Dakota Access Pipeline Protest: Watch The Māori People’s Amazing Display of Solidarity to the Sioux Tribe at Standing Rock
Indigenous tribes may be scattered all over the world in different civilizations, but not a lot can stop them from coming through for one another in times of oppression and need. A viral video from 2016 shows indigenes of the Māori tribe of New Zealand performing the Haka dance, a vigorous war dance in solidarity to the Sioux people at Standing Rock. 
The recent history of Standing Rock, a US Indian reservation in North Dakota has been wound up with tales of peaceful and eventually violent protests of people struggling to protect their land. The government under Barack Obama proposed the construction of the Dakota Access Pipeline, a 1,172 mile-long oil pipeline that would run through North Dakota, South Dakota, and Iowa and terminate in Illinois. The Sioux tribe at Standing Rock resisted the project because the pipeline would put their main water source, the Missouri River, at risk of oil contamination. They were also fighting against the desecration of important tribal sites that should have been protected by the 1851 Treaty of Ft. Laramie. 
The $3.78 billion project was announced in June 2014 and by 2016, under the control of Texas-based Energy Transfer LLC, construction began despite the people’s cries. Environmental reviews were not enough to assure them of the safety of their water and lands. Thousands of barrels of oil spill from existing pipelines all over the country, and it was only a matter of time before the river would be condemned.
The Obama administration had initiated the project, but they later accepted that the tribes people’s treaty had to be respected and halted the construction. However, in 2017, Trump revived the project and it was completed by May that year.  The tribespeople continued to protests and things quickly turned violent as 300 persons were injured and over 487 were arrested.
An unrelenting fight from the tribespeople
The project was being financially supported by some of the most powerful banks in the country including the US Bank, Bank of America, JP Morgan Chase, Wells Fargo, and others.  The Sioux people at Standing Rock are not more than 9,000 in population, but they had massive support from the rest of the world.
The tribespeople set up a crowd-funding page with a goal of $5,000 for legal fees as they dragged the government to court. In a few months, the account hit over $1,000,000 in donations, beyond their wildest expectations. Also, they didn’t just have financial support — they were backed by other indigenous tribes from all over the world.
A group of Māori people from New Zealand were recorded performing the powerful Haka dance at Te Whare Wānanga o Awanuiārangi, New Zealand. The Haka was a ceremonial dance of vigorous movements and energetic chants often displayed during war. However, in modern times, the dance is used as a sign of unshakable solidarity.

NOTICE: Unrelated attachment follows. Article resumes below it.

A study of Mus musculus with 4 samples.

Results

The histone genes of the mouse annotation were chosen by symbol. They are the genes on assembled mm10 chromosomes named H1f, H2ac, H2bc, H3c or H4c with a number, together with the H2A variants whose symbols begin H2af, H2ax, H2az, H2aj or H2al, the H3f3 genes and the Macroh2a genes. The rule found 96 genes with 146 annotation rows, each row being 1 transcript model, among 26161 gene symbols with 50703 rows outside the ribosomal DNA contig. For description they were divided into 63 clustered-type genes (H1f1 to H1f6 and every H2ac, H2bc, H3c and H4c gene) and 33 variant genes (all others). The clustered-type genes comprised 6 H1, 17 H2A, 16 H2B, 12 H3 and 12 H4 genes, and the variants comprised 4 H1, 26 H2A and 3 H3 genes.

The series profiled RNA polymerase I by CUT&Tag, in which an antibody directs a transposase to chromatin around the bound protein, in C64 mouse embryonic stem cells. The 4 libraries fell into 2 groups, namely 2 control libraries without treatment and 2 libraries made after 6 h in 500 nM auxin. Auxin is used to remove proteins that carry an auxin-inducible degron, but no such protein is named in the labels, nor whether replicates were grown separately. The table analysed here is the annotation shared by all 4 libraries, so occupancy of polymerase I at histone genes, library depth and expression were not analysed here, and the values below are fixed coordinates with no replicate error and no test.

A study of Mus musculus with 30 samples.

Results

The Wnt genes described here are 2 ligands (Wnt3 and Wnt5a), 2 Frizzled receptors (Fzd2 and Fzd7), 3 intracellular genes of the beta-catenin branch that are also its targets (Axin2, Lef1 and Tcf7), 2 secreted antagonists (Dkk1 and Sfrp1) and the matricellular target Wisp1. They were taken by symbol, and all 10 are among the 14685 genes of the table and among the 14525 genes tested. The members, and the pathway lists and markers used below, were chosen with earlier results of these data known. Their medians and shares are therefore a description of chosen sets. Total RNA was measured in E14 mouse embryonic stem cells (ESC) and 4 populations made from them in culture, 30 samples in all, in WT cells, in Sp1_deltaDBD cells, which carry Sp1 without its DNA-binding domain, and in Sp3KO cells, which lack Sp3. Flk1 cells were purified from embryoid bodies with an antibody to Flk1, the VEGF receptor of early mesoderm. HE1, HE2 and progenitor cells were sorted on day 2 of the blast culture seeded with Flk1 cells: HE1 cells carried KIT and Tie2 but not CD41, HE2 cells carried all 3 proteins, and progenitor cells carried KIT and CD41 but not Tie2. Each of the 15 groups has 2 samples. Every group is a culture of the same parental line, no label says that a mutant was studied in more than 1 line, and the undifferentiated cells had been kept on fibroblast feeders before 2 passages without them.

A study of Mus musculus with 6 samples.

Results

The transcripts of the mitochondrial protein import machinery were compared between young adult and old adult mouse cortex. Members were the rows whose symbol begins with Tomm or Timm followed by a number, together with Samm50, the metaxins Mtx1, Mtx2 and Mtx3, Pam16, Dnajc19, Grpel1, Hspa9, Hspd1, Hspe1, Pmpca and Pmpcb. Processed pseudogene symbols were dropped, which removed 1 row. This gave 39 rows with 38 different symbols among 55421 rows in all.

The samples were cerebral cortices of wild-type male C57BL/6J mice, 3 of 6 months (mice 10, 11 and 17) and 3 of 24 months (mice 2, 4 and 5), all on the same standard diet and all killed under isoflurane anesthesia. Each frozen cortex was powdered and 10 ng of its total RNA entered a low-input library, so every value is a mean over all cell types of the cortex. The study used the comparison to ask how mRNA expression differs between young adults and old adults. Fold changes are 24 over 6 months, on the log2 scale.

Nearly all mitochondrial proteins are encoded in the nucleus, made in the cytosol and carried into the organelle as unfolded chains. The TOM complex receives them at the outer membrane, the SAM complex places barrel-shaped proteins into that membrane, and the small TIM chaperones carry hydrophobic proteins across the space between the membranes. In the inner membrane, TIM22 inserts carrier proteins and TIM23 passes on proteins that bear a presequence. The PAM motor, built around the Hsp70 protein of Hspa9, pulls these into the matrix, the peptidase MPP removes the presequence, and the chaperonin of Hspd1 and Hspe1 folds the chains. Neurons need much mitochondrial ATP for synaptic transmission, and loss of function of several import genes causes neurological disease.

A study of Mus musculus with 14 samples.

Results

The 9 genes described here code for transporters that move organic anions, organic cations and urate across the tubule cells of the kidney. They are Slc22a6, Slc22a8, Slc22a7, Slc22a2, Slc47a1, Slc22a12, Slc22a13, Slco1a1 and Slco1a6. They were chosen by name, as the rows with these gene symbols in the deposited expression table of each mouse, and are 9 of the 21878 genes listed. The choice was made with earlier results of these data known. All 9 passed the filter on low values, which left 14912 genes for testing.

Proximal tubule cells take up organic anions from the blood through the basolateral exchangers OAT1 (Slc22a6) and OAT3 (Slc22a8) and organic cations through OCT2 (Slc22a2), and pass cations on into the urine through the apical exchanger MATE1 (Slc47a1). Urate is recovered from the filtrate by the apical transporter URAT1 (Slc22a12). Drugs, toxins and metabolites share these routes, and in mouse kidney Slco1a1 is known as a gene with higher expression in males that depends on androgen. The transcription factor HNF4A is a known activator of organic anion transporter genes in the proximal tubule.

The video was recorded by Tylee Hudson and posted on Facebook. It immediately went viral with thousands of groups and pages reposted, bringing the struggle of the Sioux further into the global spotlight.
The Māori are not newbies to the reality of fighting for one’s right to land and peace. As with dozens of other indigenous tribes across the world, they’ve experienced overwhelming government oppression over the centuries and fighting back has become a necessary part of their culture.
“Our role as kaitiaki, or guardians of the land, and tino rangatiratanga, the right to self-determination, is forever contested and challenged by the government,” Hudson wrote in an email. The Māori ’s dance sent a ray of hope and love to the Sioux who were at the frontlines protesting and resisting the contamination of their land.
Suspension and resumption of the project in 2020
The Sioux sued the government in March 2020 and on July 6, 2020, US district judge James Boasberg sided with the people and ordered a shutdown of the project.  The pipelines have been distributed across state lines for three years, since 2017. Boasberg explained that although halting the project would cause a major disruption, it was a necessary move to prevent potential harm to the people.
He said that a more extensive environmental assessment had to be performed by the U.S army Corps of Engineers. The court required a thorough Environmental Impact Statement (EIS) to determine the safety of continuing the project.
“Clear precedent favoring vacatur [an order setting aside a previous judgment] during such a remand coupled with the seriousness of the Corps’ deficiencies outweighs the negative effects of halting the oil flow for the 13 months that the Corps believes the creation of an EIS will take,” Boasberg wrote in a 24-page order on July, ordering the project to be shut down on or before August 5, 2020.
The victory of the Sioux people was short-lived as the U.S. Court of Appeals for the District of Columbia Circuit reversed Judge Boasberg’s order in favor of Energy Transfer.  Energy Transfer claimed that it would cost $24 million and take three months to empty the pipelines and stop operations, which made Boasberg’s deadline impossible to meet.
The Appeals court stated that Boasberg, a lower-court judge “did not make the findings necessary for injunctive relief.”
They waved the shutdown order and permitted Energy Transfer to continue operations while both sides “clarified their positions.” However, the court rejected the oil company’s motion to block the review, stating that they “failed to make a strong showing of likely success.”